Techno-tutoring for Learning Musical Instruments

Pair of violinsTrying to learn how to play an instrument is hard work. Typically lessons are once or twice a week with the time in-between spent practicing. When getting started it is hard to keep track of the tempo, fingering positions, and other instructions present in the musical score. Learning to play is one area of our lives technology does not effectively support. There are many technology inspired instruments, but few learning aids.

While playing an instrument it would be nice to receive feedback on how well the song was played. For some electronic pianos this capability exists, but not for an instrument like a violin or saxophone. Ideally, the monitoring computer would build up a musical score based on what was played, and then compare this to the original score to identify areas requiring further practice. It could identify when wrong notes were played, identify tempo issues, sharps and flats forgotten, or even incorrect fingerings. This could be accented by replaying the incorrect piece over the correct one to help build the ability to hear the difference. Today those with talent can recognize these problems by ear, but for those of us without, it just requires repetition to figure it out.

In an orchestra setting it can often takes a bit of trial and error to narrow down which player or players are misplaying at a particular point in a song. If a score can be generated for each player, and this score were compared to their part, then identifying which areas need improvement could be handled quickly by the conductor. It would also give the player a record of what is needed to work on in their own practice. If the orchestra is monitored during group performances, then each player can take the “virtual orchestra” home and practice on their own or as part of the simulated whole. Given a virtual orchestra it would be possible to practice with different subsets of instruments to help focus on the areas required.

Another part where a digitized music score could come in handy is in editing a performance. For performances which are done live in front of an audience there is potential for coughs, sneezes, talking, and other undesired sounds getting recorded. An automated filter based on the score could help identify areas of the recording that require special editing attention. Automatic filtering of undesired sounds such as those afore mentioned coughs and sneezes would be great for us amateurs.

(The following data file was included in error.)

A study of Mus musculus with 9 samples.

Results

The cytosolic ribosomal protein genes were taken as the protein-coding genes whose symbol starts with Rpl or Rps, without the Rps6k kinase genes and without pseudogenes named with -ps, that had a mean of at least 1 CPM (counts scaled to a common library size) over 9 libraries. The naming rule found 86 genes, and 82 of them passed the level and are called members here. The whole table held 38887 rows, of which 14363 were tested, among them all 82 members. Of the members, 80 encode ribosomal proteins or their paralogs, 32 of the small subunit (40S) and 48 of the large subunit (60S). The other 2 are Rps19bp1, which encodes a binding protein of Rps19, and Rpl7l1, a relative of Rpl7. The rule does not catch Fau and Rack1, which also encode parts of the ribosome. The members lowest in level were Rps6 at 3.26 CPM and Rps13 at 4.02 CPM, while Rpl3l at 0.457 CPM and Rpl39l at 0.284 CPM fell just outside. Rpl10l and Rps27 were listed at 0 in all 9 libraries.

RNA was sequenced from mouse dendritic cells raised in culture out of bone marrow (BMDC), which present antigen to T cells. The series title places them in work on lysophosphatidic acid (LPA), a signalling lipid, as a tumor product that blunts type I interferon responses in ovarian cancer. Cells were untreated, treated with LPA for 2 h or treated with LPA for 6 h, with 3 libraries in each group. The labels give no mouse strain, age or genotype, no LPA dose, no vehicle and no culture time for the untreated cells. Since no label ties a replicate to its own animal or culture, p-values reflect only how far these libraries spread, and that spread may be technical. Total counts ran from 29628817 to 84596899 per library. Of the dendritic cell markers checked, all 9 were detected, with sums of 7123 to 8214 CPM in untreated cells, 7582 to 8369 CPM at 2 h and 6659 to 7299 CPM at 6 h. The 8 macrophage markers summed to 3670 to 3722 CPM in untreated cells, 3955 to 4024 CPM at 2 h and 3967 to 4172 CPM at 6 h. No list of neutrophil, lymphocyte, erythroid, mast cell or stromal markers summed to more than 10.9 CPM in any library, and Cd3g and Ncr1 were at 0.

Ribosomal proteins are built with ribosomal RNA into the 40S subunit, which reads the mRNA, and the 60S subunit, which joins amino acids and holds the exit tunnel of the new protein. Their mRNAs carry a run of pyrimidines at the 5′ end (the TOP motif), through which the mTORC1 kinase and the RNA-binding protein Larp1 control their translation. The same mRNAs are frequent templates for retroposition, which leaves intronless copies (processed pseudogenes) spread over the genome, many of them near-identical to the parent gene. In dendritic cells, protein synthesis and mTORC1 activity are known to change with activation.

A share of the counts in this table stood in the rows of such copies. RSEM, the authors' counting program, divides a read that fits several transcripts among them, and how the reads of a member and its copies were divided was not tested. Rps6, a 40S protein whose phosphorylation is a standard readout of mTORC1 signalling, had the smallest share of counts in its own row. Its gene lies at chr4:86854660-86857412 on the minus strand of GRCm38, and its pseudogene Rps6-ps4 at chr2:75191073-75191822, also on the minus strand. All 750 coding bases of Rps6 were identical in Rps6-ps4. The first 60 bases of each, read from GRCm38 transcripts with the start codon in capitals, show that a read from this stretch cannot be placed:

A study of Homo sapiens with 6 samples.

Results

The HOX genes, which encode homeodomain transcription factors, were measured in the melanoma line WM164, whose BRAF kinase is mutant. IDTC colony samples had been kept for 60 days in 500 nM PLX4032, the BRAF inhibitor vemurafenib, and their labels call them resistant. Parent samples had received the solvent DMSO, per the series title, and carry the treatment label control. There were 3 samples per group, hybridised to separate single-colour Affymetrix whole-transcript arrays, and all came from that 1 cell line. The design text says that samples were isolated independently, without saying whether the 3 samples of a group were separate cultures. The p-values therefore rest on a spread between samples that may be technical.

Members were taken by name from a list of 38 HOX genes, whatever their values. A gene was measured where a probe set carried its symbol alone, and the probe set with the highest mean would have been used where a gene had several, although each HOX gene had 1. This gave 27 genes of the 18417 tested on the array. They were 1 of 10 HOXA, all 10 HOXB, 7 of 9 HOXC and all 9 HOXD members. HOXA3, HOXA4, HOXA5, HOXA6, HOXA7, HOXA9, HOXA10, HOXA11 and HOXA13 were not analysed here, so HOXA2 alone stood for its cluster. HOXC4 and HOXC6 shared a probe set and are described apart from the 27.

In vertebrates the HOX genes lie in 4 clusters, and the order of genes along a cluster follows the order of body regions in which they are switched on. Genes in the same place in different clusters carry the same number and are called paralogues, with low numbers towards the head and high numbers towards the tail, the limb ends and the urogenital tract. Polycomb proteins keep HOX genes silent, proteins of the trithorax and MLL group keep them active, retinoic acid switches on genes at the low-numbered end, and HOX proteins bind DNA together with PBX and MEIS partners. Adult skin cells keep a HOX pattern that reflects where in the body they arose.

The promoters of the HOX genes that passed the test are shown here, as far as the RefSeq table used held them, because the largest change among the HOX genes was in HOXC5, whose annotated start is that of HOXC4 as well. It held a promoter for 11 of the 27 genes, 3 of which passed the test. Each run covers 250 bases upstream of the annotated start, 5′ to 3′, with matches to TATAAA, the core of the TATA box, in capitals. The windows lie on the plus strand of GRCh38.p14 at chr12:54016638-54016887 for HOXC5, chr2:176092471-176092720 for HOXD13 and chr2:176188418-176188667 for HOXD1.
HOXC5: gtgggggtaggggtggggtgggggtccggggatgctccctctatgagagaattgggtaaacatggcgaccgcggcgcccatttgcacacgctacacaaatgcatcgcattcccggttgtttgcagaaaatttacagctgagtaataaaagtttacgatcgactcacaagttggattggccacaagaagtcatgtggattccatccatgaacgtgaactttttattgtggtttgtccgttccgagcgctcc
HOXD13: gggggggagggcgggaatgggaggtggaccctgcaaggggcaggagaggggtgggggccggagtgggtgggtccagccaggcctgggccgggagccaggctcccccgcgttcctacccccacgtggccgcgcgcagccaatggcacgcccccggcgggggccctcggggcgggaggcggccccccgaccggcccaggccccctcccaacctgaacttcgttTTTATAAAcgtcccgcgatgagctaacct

Being able to break a music composition down to the individual instruments involved would allow for manipulation and adaptation of a performance. One could tweak the trumpets, convert a trumpet to a saxophone, change the tempo, or convert the acoustics from a concert hall to the Hollywood Bowl. This would make music editing and experimentation available to those of us less musically talented.

What functionality would you like in a musical tutor?


  1. Stephen Says:

    Researchers at the University of Rochester have developed a model of the clarinet. This model allows them to take a recording of a clarinet and reduce it to the actions the player would have made. While they still haven’t mastered tonguing, many other parameters apparently are accurately modeled.

    While the original work was aimed at audio compression, the instrument model seems to be one step closer to allowing instrument based computer assistance.

    Reports of this research can be found in the University of Rochester press release, or a report from znet.